Through the tireless efforts of three women from three generations, a piece of New Mexico history has been preserved for posterity. If not for their preservation, protection, research, and education efforts, the “ghost town” of Shakespeare would have faded into oblivion both physically and in memory.
In southwestern New Mexico, two miles south of Lordsburg, a small vestige of a town called Shakespeare survives as one of the state’s well-known ghost towns. Were it not for three women, the town would have faded into oblivion both physically and in memory. Emma Marble Muir (1873-1959), Rita Wells Hill (1901-1985), and Janaloo Hill Hough (1939-2005) represent three generations who were residents, historians, and owners of Shakespeare beginning in 1882. when Emma Marble Muir came to the mining town. Muri learned about its history from “Uncle” Johnny Evenson, the stage keeper and postmaster who had lived in Shakespeare since 1865. Through their tireless efforts in preservation, protection, research, and education, a piece of history from New Mexico’s often-neglected southwestern corner has been preserved for posterity.
Emma Marble Muir was born on September 20, 1873, in Virginia City, Nevada, and moved with her family to the prosperous mining town of Shakespeare, New Mexico, in 1882. She learned its history and developed a deep appreciation for the place. Her parents bought the old stage station and the Grant House. She taught for many years in Lordsburg, where she also wrote articles about Shakespeare and the southwest. She and her husband, who was a prominent rancher and state representative, kept the First National Bank of Lordsburg open during the Great Depression by selling part of their interests in their oil lands in Texas.
Rita Wells Hill—whose full name was Allarita Jessie Nina Javerna Wells—grew up in the Midwest. She was an actress in silent films in Hollywood, a skilled horsewoman, and a teacher in New Mexico. She and her husband loved the southwest and purchased the ghost town of Shakespeare, along with surrounding property, in 1935. They would use their Shakespeare ranch to raise horses and cattle. They restored the town and lived with their daughter Janaloo in the old General Merchandise building. Along with their natural love for the place, they learned its history from Emma Marble Muir. Like Muir, Hill and her daughter also researched and published numerous articles about the town and area.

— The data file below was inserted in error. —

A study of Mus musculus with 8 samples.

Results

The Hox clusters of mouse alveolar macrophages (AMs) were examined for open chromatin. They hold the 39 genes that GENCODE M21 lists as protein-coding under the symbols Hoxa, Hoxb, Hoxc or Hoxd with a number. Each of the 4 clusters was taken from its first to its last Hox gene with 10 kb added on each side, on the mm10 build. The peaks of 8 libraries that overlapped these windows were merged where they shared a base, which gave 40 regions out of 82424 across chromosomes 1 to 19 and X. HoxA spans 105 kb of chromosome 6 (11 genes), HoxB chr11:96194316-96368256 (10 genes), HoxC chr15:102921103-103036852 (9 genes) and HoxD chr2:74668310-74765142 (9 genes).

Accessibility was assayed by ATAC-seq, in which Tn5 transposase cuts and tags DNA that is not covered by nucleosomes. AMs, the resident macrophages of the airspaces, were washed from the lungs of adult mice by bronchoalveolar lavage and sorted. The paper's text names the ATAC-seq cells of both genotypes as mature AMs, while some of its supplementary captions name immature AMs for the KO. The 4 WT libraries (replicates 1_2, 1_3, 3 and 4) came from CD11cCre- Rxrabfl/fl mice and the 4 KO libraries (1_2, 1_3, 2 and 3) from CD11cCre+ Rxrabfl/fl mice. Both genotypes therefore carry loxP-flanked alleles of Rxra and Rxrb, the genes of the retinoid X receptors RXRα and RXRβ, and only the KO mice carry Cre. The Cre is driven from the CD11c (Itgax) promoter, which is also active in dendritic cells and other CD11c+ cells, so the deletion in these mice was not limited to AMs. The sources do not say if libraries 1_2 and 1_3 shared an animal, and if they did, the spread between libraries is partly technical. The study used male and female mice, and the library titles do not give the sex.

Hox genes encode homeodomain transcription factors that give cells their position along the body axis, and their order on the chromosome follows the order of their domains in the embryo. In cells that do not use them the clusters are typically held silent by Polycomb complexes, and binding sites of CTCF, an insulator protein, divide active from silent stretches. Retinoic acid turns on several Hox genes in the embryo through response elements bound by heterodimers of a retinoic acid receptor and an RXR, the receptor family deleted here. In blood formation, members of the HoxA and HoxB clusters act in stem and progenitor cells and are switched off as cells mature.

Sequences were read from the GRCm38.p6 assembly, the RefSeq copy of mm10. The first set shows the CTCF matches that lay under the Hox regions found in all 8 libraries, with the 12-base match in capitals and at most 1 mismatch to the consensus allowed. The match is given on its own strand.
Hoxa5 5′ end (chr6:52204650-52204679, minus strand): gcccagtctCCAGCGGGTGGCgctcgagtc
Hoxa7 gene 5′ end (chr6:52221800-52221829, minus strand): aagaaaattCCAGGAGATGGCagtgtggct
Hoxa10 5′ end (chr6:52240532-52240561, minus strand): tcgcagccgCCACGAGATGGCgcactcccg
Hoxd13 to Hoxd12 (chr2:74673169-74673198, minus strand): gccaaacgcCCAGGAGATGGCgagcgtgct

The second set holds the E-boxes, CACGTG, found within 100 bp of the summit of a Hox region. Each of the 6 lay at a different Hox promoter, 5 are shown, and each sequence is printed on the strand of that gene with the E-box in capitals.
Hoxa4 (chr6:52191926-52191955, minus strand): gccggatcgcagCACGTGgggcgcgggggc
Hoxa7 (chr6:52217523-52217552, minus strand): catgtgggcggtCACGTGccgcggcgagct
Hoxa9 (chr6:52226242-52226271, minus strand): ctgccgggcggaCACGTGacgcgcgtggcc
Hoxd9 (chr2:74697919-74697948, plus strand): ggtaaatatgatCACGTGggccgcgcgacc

Janaloo Hill Hough was born in Santa Fe but spent most of her life in Shakespeare. She studied modeling, acting, and dance in Los Angeles, Hollywood, New York, and Denver, but returned to Shakespeare to help run the ranch and, like her mother and Muir, become a teacher and historian. She and her husband Emanuel D. Hough restored the town after a devastating fire in 1997. She carried on the tradition of researching, sharing, and promoting Shakespeare while making sure that the town would not be “touristed to death.”
A Child's Shakespeare Ghost Town Dictionary and Coloring Book (Janaloo Hill Hough), 2000.
"Alias Shakespeare: The Town Nobody Knew" (Rita and Janaloo Hill), New Mexico Historical Review, July 1967.
Old Shakespeare (Emma Marble Muir), a series of four articles published by New Mexico Magazine, including "The Stage to Shakespeare," "The Great Diamond Swindle," "Bonanza Days at Shakespeare," and "Shakespeare Becomes a Ghost Town," 1948.
"The Vision of Pioneers" (Emma Marble Muir), New Mexico Magazine, March 1952.
"We Lived under the Forts" (Emma Marble Muir), New Mexico Magazine, May 1954.